Many people are familiar with the recent rise of the “Apatow-assembly line of movies” that has overtaken cinematic comedy over the last 8 years (see any film starring Jonah Hill or Steve Carell). What most don’t realize is that the talented writer/director/producer has actually only written and directed four major motion pictures. With his latest venture billed as “The Sort of Sequel to ‘Knocked Up.’”
Judd Apatow continues his brand of raunchy humor trickled with relatable life events and moments of family dysfunctions (a “a dramedy”, if you will). This is 40 stands as a decent attempt to genuinely make light of life’s trials and tribulations. And while the film has its fair share of flaws, Apatow delivers his most honest, hilarious and candid take on our regrets, fears and various obscurities that families face as they both lovingly and painfully grow old together.
Five years after the events of Knocked Up, we are intimately invited back into the lives of bickering couple Pete (Paul Rudd) and Debbie (Leslie Mann). Bombarded by financial troubles and squabbling, pre-pubescent pre-teens, Debbie is at her wit’s end at the terrifying prospect of turning forty. Mann is a pleasure to watch on screen- a beyond-talented actress that will make you both laugh and cry. On top of losing her grip on youth, her somewhat self-absorbed husband constantly pushes her buttons, setting Debbie into furious fits and erratic rage that showcase Mann’s ability to blur the lines between comedy and emotional pain.
Rudd is equally spot-on as a husband who constantly fails to give his wife what she so desperately craves: understanding and attention. The chemistry of the two leading stars shine as one of the major highlights of the film. Apatow’s knack for displaying the often-harsh realities of marriage and family life remain second to none in Hollywood. Who else could turn a conversation with your spouse about fantasizing the ways you would kill each other into laughs, or actually admit you wish you had stopped at just one kid
Speaking of children, the comedy gene must be hereditary, as Pete and Debbie’s children Sadie (Maude Apatow) and Charlotte (Iris Apatow) steal nearly every scene in which they appear. Whether it’s Maude’s obsession with the TV showLost or the age-gap struggles we see in all siblings, the Apatow girls act way beyond their years. You will absolutely marvel in how sincere and genuine little 8-year old Iris appears on screen.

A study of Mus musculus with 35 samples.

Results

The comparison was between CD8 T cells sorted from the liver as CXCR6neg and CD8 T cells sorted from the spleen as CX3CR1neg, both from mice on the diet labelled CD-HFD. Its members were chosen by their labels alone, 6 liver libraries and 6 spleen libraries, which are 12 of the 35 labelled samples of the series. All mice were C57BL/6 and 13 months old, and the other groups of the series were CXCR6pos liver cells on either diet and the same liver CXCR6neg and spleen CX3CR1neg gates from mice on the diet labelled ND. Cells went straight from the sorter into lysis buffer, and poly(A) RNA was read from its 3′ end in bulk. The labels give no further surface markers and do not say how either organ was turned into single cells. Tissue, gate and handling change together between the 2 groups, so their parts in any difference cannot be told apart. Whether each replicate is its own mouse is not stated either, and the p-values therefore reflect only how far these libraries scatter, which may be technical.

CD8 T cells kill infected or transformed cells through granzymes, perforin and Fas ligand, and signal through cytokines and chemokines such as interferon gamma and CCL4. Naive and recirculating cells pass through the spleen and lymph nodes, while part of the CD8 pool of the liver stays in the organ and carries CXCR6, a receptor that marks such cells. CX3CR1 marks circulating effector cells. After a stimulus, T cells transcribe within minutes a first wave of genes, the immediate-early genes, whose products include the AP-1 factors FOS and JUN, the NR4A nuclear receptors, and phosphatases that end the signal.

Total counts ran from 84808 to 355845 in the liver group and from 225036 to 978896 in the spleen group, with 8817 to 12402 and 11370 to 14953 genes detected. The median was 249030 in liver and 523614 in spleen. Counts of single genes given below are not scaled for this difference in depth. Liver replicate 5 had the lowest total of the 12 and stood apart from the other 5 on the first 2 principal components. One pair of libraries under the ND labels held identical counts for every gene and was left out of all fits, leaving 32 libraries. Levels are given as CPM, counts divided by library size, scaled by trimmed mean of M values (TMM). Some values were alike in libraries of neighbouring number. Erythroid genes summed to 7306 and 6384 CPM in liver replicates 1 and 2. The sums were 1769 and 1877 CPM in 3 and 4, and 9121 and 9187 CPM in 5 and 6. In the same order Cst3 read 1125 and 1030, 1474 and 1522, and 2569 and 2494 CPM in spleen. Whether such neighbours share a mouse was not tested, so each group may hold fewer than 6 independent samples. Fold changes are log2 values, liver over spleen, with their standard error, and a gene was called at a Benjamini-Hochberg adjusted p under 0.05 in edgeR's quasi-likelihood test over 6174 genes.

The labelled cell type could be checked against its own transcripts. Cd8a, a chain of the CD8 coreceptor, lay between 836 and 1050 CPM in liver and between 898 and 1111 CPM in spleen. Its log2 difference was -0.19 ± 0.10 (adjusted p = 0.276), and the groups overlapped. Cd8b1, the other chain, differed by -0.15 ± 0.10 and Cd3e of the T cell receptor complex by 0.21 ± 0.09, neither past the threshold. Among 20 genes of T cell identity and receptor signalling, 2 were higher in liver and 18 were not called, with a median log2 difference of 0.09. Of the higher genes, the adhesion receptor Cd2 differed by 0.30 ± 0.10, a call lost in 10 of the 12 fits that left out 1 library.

Rounding out the supporting cast is a “who’s who” of the comedy world, each bringing their own brand of timeless comedy to the mix. Albert Brooks proves his comedic chops remain intact, delivering memorable one-liners as Pete’s loving yet mooch of a father Larry. Debbie’s own absentee-dad Oliver (John Lithgow) offers us a deeper glimpse into her own insecurities and concerns about family dynamics. Megan Fox fits the role as young and attractive Desi, an employee at Debbie’s store and Melissa McCarthy (Bridesmaids) serves up one of the most hilarious altercations in the entire film.
Much like Apatow’s three other projects in which he served as both writer and director, the movie at times does seem to wander aimlessly and runs about a half-hour too long. Most will get over these short-comings by pondering Apatow’s take-home message of a husband and wife who hate each other one minute, and love one another the next. Perhaps the man is trying to convey the fact that we all struggle with ourselves, and therefore the people in our lives. But we struggle together with the ones we love and those we have built a life around.
The movie in a way challenges the timeless expression, “youth is wasted on the young.” After everything Debbie and Pete have been through, just maybe the most rewarding years of their lives lie ahead of them, and not behind. After all the fights and doubts and soul searching, all that’s left are the people that were there, in the good times and the bad. Just maybe, life truly begins at 40.
In theaters December 21st, 3 out of 4 Stars. Watch the trailer here.